Cybersecurity researchers have issued a warning about ViperSoftX, an information-stealing virus that has infected a large number of people and businesses who use Windows.
According to Trend Micro, the virus was originally discovered in 2020 and employs advanced encryption and anti-analysis tactics such as byte remapping and web browser connection blocking. It employs non-malicious applications such as multimedia editors and system cleanup apps as “carriers” to penetrate its victims’ computers, such as software cracks or key generators.
While ViperSoftX is most commonly seen as a software crack, activator, patcher, or key generator, it also masquerades as multimedia editors, video format converters, cryptocurrency coinminer apps, phone-related desktop apps, and system cleaner apps. These files are used by the attackers as “carriers” for the primary virus, which is encrypted within the overlay.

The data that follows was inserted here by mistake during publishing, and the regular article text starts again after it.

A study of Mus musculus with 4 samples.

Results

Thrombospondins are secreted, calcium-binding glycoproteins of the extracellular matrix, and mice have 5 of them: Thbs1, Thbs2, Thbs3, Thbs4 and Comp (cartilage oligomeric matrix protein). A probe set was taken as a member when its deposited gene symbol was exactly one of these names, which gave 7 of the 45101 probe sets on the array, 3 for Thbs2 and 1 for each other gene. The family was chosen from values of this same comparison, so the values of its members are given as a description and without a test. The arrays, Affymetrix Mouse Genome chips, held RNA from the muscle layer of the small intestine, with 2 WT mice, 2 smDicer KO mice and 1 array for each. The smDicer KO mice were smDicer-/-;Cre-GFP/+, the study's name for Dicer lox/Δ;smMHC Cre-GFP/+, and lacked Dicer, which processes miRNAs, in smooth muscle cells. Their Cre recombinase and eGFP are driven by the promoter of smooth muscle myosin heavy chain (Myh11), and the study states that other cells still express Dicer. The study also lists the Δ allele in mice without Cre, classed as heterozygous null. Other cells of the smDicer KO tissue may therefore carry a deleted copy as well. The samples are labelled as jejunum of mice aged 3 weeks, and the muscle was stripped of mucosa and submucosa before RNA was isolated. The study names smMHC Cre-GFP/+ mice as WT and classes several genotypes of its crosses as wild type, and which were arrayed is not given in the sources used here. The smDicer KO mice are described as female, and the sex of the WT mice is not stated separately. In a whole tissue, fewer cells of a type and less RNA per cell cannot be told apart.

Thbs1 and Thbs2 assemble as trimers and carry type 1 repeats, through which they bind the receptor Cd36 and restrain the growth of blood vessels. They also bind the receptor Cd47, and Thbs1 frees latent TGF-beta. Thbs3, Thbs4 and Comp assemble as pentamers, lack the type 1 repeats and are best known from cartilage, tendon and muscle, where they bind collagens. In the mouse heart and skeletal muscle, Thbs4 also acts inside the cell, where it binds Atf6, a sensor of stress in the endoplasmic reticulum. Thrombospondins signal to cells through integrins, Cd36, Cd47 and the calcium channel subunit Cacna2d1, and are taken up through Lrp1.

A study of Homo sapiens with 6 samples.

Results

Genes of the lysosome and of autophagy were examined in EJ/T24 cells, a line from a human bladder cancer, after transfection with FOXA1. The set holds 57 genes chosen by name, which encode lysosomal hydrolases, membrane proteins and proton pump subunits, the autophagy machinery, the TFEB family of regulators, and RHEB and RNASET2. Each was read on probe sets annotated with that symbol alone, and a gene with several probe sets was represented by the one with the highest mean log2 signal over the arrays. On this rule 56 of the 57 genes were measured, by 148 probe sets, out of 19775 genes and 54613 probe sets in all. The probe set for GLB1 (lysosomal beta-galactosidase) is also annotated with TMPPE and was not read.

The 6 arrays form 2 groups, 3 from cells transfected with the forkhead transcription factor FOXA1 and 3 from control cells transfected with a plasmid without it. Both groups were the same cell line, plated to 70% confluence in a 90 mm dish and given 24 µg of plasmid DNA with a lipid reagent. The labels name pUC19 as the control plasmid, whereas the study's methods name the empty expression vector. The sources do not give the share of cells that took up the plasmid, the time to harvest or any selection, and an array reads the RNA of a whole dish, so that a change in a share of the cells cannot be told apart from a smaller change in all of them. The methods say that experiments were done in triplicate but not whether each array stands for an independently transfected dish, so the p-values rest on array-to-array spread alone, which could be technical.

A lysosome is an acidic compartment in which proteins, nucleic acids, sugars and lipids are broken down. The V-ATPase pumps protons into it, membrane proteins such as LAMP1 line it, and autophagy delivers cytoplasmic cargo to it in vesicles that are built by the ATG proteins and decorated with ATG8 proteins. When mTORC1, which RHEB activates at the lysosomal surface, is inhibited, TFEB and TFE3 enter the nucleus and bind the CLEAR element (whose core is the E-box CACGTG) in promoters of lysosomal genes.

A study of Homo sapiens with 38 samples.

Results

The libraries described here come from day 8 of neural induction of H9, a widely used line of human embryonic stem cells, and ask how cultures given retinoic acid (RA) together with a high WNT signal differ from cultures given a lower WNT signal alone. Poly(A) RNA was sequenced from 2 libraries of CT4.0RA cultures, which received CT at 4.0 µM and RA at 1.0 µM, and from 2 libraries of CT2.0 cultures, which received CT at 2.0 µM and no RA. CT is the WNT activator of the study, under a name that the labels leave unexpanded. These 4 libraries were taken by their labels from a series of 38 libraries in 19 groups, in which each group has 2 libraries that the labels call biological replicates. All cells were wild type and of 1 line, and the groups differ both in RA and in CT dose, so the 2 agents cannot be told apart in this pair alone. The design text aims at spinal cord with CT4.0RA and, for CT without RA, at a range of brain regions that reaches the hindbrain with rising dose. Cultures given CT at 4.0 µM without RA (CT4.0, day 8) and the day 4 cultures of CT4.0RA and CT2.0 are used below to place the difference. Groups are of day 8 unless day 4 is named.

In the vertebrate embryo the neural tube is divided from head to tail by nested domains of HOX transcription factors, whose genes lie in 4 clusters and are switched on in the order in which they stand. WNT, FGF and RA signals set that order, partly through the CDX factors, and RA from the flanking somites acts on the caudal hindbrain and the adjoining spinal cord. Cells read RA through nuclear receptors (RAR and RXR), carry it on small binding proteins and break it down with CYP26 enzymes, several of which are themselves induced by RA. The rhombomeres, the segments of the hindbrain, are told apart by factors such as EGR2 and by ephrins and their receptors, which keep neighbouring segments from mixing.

Right before downloading a first-stage PowerShell loader, which subsequently executes a second-stage PowerShell script, it runs a variety of anti-virtual machine, anti-monitoring, and anti-malware checks. This starts the main procedure, which installs rogue browser extensions to steal passwords and cryptocurrency wallet info.
It then targets common online browsers, and its major command-and-control (C&C) servers used for the second stage download vary on a monthly basis, indicating that the attackers are attempting to avoid detection. It also looks for password managers like KeePass 2 and 1Password.
Don Ovid Ladores, a Trend Micro analyst, stated that the crooks behind ViperSoftX were very proficient at completing a flawless chain for malware execution while remaining under the radar of authorities. Meanwhile, Fortinet, a cybersecurity firm, has detected and blocked highly obfuscated malicious malware in a large OT environment.
The sources for this piece include an article in TheHackerNews.